Friday, May 22, 2009

More of the same

I'm probably in the vast minority here, but I'm having a hard time getting worked up anymore about the stupid things Lane Kiffin does (ooh, a Twitter controversy!!!). Not because he's stopped doing stupid things, of course -- he hasn't -- but because it's starting to feel like throwing a twig into a bonfire. What's the point?

So I'll go the other direction and give him some credit for not discriminating in his ability to generate anger. It's no surprise that Florida fans and the rest of the SEC hate him -- they hate everybody -- but when you can generate the same feelings within your own locker room ... as Ron Burgundy would say, that's amazing.

With new Volunteers strength coach Mark Smith leaving the program due to some undisclosed issues that "had been brewing for some time," Kiffin has now seen the departure of an assistant coach and a whopping 11 scholarship players. I should clarify here and point out that there may well be additional reasons beyond Kiffin's pure evil for those players' departure -- I don't feel like researching the background of each one -- but I can say from personal experience that this presents more of a problem than anything Kiffin has done or said so far.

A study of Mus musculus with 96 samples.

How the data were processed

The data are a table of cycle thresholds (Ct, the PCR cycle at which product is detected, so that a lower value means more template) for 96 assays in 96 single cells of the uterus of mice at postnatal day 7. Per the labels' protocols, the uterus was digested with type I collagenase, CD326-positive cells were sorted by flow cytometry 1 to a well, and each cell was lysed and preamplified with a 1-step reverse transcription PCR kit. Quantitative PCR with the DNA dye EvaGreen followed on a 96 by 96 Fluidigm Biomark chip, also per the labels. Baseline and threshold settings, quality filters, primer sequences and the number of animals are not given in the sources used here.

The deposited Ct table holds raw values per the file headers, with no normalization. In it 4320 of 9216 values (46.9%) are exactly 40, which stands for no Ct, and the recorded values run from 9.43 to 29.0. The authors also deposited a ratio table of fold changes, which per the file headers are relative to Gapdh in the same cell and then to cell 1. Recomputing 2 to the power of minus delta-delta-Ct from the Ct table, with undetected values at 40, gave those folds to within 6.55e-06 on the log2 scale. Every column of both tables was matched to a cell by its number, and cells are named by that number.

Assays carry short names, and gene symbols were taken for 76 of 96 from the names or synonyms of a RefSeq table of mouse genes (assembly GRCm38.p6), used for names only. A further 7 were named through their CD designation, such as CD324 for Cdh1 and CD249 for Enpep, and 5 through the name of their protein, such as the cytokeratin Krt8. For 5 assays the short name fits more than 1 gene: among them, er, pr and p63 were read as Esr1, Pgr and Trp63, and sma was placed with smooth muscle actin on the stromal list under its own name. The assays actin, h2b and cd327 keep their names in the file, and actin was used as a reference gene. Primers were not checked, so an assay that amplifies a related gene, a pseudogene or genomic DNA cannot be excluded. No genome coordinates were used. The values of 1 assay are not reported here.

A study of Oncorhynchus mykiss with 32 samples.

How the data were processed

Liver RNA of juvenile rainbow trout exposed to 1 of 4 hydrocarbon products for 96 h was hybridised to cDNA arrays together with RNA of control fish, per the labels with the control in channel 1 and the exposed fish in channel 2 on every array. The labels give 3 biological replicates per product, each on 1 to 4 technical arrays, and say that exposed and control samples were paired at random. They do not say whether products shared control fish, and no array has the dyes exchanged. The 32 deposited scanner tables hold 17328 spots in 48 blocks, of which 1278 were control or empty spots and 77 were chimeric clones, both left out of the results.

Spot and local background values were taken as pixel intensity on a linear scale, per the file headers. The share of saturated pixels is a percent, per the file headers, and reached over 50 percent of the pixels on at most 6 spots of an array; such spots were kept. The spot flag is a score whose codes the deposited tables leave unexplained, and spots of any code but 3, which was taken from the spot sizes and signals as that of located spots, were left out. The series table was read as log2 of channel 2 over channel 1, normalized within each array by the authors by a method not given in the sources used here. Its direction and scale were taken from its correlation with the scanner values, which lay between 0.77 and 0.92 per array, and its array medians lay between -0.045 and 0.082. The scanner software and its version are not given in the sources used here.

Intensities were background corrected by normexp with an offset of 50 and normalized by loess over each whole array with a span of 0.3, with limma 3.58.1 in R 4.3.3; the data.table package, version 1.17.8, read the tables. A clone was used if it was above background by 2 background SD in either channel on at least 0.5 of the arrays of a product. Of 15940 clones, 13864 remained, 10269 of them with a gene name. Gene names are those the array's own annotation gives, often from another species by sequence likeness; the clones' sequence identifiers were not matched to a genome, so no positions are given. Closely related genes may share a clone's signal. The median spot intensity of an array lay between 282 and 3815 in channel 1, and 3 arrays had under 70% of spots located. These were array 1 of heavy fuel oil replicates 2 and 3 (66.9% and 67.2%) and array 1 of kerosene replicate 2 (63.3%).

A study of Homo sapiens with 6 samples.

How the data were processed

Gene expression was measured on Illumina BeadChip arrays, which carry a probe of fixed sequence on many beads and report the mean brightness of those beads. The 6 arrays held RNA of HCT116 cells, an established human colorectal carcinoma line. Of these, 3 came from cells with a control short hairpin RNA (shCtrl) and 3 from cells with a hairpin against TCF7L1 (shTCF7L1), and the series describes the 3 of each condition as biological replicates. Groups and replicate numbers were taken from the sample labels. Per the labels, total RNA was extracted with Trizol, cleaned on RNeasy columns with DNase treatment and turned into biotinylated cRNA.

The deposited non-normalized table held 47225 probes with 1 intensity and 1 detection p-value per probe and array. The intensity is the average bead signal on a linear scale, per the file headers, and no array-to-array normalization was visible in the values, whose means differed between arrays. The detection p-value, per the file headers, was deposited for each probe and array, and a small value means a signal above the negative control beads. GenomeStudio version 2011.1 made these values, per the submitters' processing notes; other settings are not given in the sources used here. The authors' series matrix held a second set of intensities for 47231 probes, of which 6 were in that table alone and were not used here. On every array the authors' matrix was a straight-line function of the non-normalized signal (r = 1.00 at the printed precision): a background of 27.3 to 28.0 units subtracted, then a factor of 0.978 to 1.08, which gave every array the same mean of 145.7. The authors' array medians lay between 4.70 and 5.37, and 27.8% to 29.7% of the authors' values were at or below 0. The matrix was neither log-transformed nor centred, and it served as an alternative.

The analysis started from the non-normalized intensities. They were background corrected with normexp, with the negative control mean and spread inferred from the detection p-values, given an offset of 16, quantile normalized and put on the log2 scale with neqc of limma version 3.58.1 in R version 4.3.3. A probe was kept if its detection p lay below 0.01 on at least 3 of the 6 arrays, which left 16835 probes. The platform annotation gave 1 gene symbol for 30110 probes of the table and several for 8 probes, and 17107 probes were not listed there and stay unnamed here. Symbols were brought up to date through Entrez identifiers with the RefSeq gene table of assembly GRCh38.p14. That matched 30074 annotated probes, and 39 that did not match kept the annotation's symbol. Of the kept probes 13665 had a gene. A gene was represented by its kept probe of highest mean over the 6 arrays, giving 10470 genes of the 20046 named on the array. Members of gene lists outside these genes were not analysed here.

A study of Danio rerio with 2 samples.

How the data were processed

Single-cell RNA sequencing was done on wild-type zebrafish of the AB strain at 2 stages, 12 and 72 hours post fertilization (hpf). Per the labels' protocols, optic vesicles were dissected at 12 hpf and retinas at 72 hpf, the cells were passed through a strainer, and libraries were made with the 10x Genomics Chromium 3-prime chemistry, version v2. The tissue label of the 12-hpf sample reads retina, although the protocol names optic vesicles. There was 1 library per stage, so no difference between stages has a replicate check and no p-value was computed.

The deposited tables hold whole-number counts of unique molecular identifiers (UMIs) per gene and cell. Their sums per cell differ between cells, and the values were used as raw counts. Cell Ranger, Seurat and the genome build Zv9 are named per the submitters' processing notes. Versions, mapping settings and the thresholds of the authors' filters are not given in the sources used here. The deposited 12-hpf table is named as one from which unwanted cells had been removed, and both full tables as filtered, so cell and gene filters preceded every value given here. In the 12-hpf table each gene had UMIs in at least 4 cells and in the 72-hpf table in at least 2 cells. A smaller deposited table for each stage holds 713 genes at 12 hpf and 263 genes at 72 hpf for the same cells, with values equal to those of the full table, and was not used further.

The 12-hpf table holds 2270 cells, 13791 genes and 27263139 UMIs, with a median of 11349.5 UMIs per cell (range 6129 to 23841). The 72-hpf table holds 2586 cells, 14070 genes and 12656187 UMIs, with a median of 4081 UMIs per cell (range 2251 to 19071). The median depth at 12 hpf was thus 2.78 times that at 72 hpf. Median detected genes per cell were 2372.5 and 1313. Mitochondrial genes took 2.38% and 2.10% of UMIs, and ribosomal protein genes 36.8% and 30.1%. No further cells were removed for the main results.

I'm not referring to the long-term concern of whether players actually like Kiffin; if he wins, they'll like him. What I'm talking about is the numbers issue, and the fact that the loss of 11 scholarship players simply can't be accounted for when it comes to depth.

Watching Michigan last year, it was painfully evident that any chance the offense had at being good (after the graduation/early exit of six starters) was taken away when players continued to defect for various reasons. It was bad enough when the season began with a former defensive tackle starting on the offensive line and a walk-on starting at QB, but things became much worse when a number of players proved ineffective or were injured, because there was absolutely nobody behind most of those guys.

Significant roster turnover has become fairly commonplace after a coaching change and shouldn't by itself be considered an indictment of what Kiffin is doing. Tennessee might even be fortunate enough to avoid those issues, of course (although they probably won't if karma has any say). But Kiffin's attention-grabbing schtick, which is disturbingly pleasing to Volunteers athletic director Mike Hamilton ...
"When you think about the fact that our football program was 5-7 last year, and we've got a coach that's not coached a game yet in college football, but yet we're on the front page of USA Today sports ... it's really quite amazing."
... probably won't go over quite as well if his debut season goes anything like Rich Rodriguez's.